AMC Fellows Program: Creating the workforce of tomorrow
May 2, 2007
Many organizations offer internship and fellowship opportunities. But few offer the training, education and benefits of the U.S. Army Materiel Command Fellows Program.
"This program is unique because it develops an individual into a future civilian leader who is mobile and multi-functional," said Dr. Ron Higgins, director of the AMC Logistics Leadership Center. "This is important for the Army in an era of downsizing and rightsizing, where leaders must possess a variety of skills and be adaptable. The program couples the opportunity for rapid advancement and a graduate degree to attract the best possible candidates."
Established 2000, the AMC Fellows Program was designed to build a multi-functional, mobile cadre of qualified personnel. Candidates are recruited into the five-year program at college job fairs and through the AMC Career Web site. Approximately 400 candidates have entered the program since October 2001. Currently, 322 fellows are assigned throughout AMC, including 55 at HQAMC.
When recruiting potential fellows, program coordinators are seeking college seniors or graduates with at least a 2.95 grade point average, specific undergraduate majors and those willing to relocate.
"I heard about the fellows program when I went to a college career fair in Huntsville, Ala. After that initial event, I met a couple other fellows that told me about the program," said Andrea Poole, a fellow in the AMC Deputy Chief of Staff for Personnel Office, G-1.
Camie Stinson learned about the program through the Army Civilian Personnel Online and USA Jobs Web sites. She later contacted HQAMC to find out more.
"I became involved by providing my resume, college transcripts, and other requested documents," said Stinson, a fellow in the AMC Inspector General's Office.
Poole and Stinson were among a dozen fellows who joined HQAMC in 2006 after completing 13 months at the AMC Logistics Leadership Center and Texas A&M University-Texarkana, Texas, in August. The formal, graduate-level education is paid entirely by the fellows program and provides participants with a master's degree in business upon completion.
While in school, candidates are considered federal employees and are compensated at General Schedule 7. In the five-year training period, fellows can expect to advance from GS-7 to GS-13. Other benefits include potential recruitment bonus of 25 percent of basic pay for new federal employees, health and life insurance, retirement benefits, accrual of vacation and leave time, regular weekly schedule and extensive travel opportunities.
Once participants have completed their graduate degree they begin a series of rotational, on-the-job training assignments over the next 47 months. The hands-on experience is designed to continue developing multi-functional expertise. In addition, each fellow is assigned a primary and secondary career path, depending on AMC requirements and input from the fellow. Upon completion of the five-year program, the fellows are placed in a journeyman position, making use of the skills they have gained in the program, said Dr. Mark Oestmann, deputy director of the ALLC.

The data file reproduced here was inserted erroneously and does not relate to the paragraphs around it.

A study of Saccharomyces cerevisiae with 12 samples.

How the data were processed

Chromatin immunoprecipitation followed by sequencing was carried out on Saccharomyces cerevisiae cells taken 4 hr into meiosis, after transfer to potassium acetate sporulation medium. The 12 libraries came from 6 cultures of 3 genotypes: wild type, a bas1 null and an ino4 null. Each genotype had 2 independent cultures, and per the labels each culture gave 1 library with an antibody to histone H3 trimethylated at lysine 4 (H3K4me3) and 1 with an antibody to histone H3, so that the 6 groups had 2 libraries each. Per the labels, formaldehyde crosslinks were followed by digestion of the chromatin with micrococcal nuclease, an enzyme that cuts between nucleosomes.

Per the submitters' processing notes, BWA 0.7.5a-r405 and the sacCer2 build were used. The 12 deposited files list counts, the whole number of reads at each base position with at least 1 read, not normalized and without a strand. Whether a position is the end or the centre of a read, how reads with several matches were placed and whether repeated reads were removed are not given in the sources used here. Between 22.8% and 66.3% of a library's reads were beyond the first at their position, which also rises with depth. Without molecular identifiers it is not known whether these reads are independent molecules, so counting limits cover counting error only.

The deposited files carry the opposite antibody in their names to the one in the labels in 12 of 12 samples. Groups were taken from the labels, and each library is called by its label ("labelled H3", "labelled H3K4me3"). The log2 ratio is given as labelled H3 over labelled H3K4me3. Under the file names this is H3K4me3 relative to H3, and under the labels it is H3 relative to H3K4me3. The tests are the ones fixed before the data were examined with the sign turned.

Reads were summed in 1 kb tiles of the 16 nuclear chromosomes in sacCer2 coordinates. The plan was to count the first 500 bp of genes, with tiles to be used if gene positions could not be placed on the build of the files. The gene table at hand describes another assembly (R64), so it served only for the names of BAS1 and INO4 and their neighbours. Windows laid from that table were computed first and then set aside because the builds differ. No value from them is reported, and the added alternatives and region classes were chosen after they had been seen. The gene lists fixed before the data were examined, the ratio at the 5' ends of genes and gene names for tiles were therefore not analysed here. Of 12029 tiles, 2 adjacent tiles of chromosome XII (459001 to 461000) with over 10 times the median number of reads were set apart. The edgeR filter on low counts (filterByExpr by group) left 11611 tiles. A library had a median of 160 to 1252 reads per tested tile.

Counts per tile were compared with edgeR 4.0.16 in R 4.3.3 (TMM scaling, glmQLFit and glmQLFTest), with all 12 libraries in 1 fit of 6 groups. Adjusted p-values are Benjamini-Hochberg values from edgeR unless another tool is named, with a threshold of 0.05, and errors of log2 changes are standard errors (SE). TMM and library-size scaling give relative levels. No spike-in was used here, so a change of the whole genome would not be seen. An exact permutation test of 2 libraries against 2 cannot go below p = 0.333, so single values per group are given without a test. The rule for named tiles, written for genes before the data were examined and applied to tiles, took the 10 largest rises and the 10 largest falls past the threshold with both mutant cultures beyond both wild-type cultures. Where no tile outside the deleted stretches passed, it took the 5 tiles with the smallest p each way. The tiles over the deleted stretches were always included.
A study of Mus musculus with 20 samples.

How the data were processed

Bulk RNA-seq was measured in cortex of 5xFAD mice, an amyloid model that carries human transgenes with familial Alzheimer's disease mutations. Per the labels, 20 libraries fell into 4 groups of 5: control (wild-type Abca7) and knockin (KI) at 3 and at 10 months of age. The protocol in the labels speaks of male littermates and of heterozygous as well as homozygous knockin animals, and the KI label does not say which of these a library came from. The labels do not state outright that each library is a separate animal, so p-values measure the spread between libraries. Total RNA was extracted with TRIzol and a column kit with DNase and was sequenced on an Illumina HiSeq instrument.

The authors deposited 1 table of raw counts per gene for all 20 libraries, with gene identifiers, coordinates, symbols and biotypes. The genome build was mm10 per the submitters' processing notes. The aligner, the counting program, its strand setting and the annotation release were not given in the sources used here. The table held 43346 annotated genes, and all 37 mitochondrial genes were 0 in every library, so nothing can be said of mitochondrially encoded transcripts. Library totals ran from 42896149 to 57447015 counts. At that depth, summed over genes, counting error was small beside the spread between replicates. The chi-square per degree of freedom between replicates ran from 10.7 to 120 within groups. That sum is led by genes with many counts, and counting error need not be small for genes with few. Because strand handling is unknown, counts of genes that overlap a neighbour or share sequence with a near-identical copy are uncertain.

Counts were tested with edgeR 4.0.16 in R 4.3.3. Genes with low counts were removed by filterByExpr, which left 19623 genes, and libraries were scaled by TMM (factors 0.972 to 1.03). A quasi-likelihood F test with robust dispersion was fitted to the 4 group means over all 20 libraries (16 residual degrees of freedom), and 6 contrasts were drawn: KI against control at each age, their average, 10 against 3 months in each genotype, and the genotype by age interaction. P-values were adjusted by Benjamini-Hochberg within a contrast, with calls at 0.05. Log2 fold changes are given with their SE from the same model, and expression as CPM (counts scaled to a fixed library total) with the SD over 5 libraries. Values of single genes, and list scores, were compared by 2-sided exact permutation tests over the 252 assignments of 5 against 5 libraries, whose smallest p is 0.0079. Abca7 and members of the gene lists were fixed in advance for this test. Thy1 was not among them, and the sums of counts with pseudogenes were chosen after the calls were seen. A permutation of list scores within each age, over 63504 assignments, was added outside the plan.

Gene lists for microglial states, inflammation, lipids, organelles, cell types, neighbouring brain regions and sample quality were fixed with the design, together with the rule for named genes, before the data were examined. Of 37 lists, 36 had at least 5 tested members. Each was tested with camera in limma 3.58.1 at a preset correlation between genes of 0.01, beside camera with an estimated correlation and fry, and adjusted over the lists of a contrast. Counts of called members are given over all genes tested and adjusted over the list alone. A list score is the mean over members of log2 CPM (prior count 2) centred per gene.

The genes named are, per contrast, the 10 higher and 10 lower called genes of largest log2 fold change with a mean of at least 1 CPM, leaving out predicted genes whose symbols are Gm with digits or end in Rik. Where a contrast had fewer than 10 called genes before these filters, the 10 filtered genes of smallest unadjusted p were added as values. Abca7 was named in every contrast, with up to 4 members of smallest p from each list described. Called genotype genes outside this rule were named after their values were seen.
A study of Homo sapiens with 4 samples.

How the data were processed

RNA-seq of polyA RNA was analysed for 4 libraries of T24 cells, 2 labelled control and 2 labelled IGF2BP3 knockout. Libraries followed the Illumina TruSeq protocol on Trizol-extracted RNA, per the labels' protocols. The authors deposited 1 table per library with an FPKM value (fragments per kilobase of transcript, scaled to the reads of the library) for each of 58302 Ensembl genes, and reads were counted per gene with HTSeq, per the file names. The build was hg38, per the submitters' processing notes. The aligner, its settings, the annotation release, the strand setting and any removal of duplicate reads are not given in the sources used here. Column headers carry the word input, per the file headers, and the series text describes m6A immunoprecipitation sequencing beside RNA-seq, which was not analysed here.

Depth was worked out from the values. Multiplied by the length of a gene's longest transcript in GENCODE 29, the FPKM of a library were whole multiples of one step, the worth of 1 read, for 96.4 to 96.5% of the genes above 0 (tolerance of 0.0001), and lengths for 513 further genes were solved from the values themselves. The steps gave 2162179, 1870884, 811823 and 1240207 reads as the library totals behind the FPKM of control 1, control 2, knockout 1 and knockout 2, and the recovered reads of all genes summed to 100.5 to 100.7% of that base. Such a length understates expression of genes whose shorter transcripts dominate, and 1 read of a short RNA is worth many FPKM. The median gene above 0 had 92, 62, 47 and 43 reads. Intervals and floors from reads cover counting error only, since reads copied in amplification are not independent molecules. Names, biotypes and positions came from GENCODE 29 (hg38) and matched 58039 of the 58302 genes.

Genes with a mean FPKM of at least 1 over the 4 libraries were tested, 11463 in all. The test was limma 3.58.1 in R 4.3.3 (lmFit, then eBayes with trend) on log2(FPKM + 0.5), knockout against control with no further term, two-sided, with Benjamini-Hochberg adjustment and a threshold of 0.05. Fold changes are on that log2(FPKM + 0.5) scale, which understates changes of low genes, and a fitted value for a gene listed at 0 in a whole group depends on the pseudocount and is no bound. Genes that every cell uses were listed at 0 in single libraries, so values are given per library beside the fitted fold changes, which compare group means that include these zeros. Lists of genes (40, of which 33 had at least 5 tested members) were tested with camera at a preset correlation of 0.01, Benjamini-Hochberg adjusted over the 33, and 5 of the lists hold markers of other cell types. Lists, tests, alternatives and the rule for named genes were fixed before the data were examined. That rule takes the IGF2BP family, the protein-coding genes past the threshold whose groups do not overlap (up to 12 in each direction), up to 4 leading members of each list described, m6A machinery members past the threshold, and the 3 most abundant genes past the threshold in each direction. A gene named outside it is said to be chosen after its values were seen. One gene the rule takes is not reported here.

"It [fellows program] offered me the opportunity to attend graduate school and get started in a career. I was also interested in working for DoD or the Army. The fellows program offered all of these things. The promotional fast track was very attractive as well," said Scott D. Hobbs, a fellow in the AMC IG, Inspections Division.
"The experience has been very positive. In addition to earning a master's degree you enter the field with a wide support network," said Sarah Haggerty, a fellow in the Deputy Chief of Staff for Strategy and Concepts, G-5.
According to program leaders, the fellows program also offers a diversified work force for AMC. Out of the last five fellow classes, 44 percent were minorities, 49 percent were female and the average age of participants was 27.
The AMC Fellows program conducts ongoing recruiting at universities and campuses across the country. For more information about the program, visit the AMC Fellows Program Web site at http://www.amc.army.mil/pa/amccareers.asp or contact Pam Myers, AMC lead recruiter, at firstname.lastname@example.org or (703) 806-9753.
"I would definitely encourage anyone interesting in participating in this program to do so. As the Army continues to transform, my advice to anyone who is interested in participating is that they must be flexible, willing to learn, and mobile," said Javeyeta Collier, a fellow in AMC G-1.